Changes To The Enduring Power Of Attorney Act

September 11, 2006 8:10 am Published by

Managing Change

Changes to the Enduring Power of Attorney Act should safeguard your interests – but does it need to concern you?

New regulations covering lasting power of attorney are due to come into force in April 2007. John Riddett a solicitor from Blocks in Ipswich looks at what these changes will mean…

What is enduring power of attorney?

In the early 80s the Government realised that as the population was living longer there were increasing numbers of cases where elderly people were unable to manage their financial affairs because of illnesses like dementia and Alzheimer’s disease.

So in 1985 a new law was passed called the Enduring Power of Attorney Act, which enabled an individual to appoint someone, perhaps a son or daughter, to make financial decisions for them in case of incapacity or mental illness.

How does it work?

When you sign the document it works in one of two ways. You might give someone temporary power over your finances, for instance, if you went abroad on a long holiday.

It could be used by an elderly person who through disability was unable to get out to the bank for instance or it could be used when an elderly person became unwell and a relative needed to access their bank to pay for care needs,ete.

Signing the document does not mean that it needs to be used at that time.

When the document is drawn up it’s vital that the person signing power of attorney has the capacity to understand what they are doing. If someone becomes unwell it’s too late to enter into this sort of arrangement.

What’s going to change?

For some time health professionals have been concerned they are being asked to carry out medical treatment on elderly people and are not sure that the individuals understand what is actually involved.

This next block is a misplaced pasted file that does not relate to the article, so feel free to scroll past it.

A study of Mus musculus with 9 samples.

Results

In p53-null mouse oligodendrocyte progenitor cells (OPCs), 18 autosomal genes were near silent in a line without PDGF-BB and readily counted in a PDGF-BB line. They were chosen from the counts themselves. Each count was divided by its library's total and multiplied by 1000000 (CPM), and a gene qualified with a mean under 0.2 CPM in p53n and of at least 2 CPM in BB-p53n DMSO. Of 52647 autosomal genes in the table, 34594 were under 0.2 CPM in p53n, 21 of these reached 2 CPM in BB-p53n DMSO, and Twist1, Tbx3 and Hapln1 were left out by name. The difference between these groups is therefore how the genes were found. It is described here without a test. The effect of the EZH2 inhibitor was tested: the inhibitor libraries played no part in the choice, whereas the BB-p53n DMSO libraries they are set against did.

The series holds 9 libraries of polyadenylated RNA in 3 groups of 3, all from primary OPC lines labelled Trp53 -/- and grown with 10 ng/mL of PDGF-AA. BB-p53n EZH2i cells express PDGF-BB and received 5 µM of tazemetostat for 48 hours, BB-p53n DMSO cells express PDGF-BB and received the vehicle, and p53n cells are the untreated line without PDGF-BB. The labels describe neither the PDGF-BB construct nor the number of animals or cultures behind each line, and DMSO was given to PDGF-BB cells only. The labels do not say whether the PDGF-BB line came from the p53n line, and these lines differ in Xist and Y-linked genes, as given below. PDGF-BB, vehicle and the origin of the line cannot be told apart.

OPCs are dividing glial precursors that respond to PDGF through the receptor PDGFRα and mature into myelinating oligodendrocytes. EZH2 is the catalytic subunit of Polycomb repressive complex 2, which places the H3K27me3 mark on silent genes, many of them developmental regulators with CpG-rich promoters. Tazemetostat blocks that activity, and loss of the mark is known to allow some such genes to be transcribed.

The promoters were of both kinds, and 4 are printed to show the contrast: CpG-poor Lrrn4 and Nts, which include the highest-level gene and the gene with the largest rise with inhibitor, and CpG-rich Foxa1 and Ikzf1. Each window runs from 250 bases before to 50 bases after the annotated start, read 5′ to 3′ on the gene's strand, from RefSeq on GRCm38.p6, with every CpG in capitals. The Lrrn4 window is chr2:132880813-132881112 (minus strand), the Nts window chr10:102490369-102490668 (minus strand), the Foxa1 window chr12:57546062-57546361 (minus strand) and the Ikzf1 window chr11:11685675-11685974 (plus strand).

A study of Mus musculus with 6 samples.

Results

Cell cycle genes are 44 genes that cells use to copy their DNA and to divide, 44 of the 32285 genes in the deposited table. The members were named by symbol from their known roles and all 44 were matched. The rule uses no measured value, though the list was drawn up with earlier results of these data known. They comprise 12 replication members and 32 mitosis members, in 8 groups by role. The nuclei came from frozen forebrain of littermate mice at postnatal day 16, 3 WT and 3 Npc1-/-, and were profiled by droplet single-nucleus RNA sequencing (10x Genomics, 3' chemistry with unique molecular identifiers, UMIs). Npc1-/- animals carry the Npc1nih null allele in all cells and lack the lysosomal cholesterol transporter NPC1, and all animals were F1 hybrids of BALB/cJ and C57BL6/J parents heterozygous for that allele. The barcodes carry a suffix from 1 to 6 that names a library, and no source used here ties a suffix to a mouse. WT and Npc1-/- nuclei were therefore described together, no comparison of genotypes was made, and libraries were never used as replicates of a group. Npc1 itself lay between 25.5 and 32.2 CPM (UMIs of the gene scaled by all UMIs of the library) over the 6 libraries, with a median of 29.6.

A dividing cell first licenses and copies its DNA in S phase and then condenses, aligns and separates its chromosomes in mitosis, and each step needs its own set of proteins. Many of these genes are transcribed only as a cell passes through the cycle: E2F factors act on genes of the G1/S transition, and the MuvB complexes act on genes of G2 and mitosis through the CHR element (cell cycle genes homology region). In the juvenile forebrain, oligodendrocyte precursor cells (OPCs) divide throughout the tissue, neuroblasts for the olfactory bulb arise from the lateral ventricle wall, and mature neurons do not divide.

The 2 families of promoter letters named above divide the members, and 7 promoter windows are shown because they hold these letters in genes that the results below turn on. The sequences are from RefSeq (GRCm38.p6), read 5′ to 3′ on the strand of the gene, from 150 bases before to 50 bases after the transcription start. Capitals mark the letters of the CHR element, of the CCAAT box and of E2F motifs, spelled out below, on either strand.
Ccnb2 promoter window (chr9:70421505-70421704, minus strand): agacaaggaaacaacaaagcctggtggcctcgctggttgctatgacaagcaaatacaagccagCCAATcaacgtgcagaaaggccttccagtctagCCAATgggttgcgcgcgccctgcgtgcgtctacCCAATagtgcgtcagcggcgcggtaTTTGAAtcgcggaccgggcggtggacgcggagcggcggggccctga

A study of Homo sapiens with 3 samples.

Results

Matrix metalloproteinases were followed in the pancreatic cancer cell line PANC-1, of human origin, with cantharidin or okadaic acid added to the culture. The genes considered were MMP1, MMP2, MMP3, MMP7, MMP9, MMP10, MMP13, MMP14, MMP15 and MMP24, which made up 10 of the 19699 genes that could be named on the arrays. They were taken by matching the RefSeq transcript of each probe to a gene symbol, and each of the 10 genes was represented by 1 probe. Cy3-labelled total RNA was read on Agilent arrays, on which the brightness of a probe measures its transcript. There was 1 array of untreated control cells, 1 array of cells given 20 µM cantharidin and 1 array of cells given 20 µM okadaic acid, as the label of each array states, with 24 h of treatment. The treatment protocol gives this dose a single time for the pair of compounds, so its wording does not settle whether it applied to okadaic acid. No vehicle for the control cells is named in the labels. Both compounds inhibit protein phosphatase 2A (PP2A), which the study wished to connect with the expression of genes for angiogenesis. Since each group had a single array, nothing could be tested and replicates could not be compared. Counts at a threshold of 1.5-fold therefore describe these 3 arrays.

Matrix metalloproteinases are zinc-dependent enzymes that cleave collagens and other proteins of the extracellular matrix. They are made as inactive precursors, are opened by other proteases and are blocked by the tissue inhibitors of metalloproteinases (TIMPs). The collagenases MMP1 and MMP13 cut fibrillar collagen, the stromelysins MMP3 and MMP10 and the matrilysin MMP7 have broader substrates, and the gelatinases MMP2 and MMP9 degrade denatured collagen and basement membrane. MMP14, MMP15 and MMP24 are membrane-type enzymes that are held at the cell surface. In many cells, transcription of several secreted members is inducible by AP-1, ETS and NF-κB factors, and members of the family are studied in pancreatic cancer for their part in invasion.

Doctors need consent for instance to carry out operations but what happens if the individual is unable to give consent?

So the government is proposing that, as from April 2007, there is a new lasting power of attorney that , covers money, property and health.

What about living wills?

This is where people have indicated writing that they do/don’t want to have medical treatment if they can’t give consent. However they are not legally binding and some doctors won’t follow them.

How will it work?

The new law will allow you to appoint one or more persons to deal with your finances, general welfare and medical issues like consent to treatment.

Do I need to sign a power of attorney document now or should I wait?

Our advice is that you should do it now and add the health section later. Currently you sign the document but it does not come into effect until it is registered – which costs £ 100.

In the last 20 years only 10 per cent of power of attorney documents which have been drawn up have been registered.

This is because many people have put the arrangements in place just in case but have not needed to use them.

After April though all power of attorney documents have to be registered and paid for when they are drawn up and as yet there’s no indication what the fee may be.

There’s also some concern that there may be so many registrations taking place that there won’t be enough staff with adequate training to deal with the paperwork.

Who should I appoint as power of attorney?

It needs to be someone you trust to look after your best interests. You might choose a partner or member of your family but you need to consider their age.

You may also choose more than one attorney to act together or maybe separately, one who looks after your finances and another who deals with health.

Do I need to start thinking about drawing up a power of attorney document?

If you are aged over 65 the answer is certainly yes.

Printed with kind permission of Let’s Talk! September 2006.